Lesson Three: Your Life Is Hidden with Christ

April 8th, 2020 by Dave Leave a reply »

Wednesday, April 8, 2020C

It is true that your life is not about you; rather, “your life is hidden with Christ in God. He is your life, and when he is revealed, you will be revealed in all your glory with him” (Colossians 3:4). 

Once our soul comes to its True Self, it can amazingly let go and be almost anything except selfish or separate. The True Self does not cling or grasp. It has already achieved its purpose by being more than by any specific doing of this or that. Finally, we have become a human being instead of a human doing. This is what we are practicing when we sit in contemplative prayer: we are practicing under-doing and assured failure, which radically rearranges our inner hardware after a while. And yet even in our pursuit of the True Self, we must be careful not to reject the parts of ourselves that are not there yet. The most courageous thing we will ever do is probably to accept that we are who we are. As Henri Nouwen once shared with me personally, he believed that original sin could only be described as “humanity’s endless capacity for self-rejection.”

All the truly transformed people I have ever met are characterized by what I would call radical humility. They are deeply convinced that they are drawing from another source; they are simply an instrument. Their genius is not their own; it is borrowed. They end up doing generative and expansive things precisely because they do not take first or final responsibility for their gift; they don’t worry too much about their failures, nor do they need to promote themselves. Their life is not their own, yet at some level they know that it has been given to them as a sacred trust. Such people just live in gratitude and confidence and try to let the flow continue through them. They know that love can be repaid by love alone.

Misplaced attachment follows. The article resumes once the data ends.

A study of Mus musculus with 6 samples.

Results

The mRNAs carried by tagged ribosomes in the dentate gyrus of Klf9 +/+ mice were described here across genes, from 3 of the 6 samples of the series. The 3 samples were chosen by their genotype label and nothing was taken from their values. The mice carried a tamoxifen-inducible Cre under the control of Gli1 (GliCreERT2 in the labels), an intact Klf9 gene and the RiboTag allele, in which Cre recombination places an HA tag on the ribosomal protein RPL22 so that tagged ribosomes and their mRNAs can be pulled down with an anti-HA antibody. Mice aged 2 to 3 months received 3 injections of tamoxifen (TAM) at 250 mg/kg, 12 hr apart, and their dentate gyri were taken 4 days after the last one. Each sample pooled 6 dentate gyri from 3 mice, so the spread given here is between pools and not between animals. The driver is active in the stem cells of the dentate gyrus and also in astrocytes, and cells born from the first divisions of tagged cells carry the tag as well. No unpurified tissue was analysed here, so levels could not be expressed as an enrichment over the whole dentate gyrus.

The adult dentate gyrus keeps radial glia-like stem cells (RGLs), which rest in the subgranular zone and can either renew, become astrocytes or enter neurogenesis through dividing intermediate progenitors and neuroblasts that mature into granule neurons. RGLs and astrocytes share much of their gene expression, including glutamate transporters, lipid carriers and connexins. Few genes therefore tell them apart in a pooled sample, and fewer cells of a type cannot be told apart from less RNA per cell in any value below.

In this time of crisis, we must commit to a posture of prayer and heart that opens us to deep trust and connection with God. Only then can we hold the reality of what is happening—both the tragic and the transformative. I am finding myself turning more often in these days to the simple Christian prayer of “Lord, have mercy.” From our place of humility, God can work through us to help our loved ones, neighbors and the most vulnerable. As Francis of Assisi said to us right before he died in 1226, “I have done what was mine to do. Now you must do what is yours to do.” [1]

In the spiritual life, what we think we are doing is actually being done to us. All we can do is say yes to it. This True Self is ironically much more glorious, grounded, original, and free than any self-manufactured person could be. We are interrelated with being, participating with the life of God, while living out one little part of that life in our own exquisite form. The True Self neither postures nor pretends. It comes down to this: the soul and the True Self know that “my life is not about me, but I am about life.”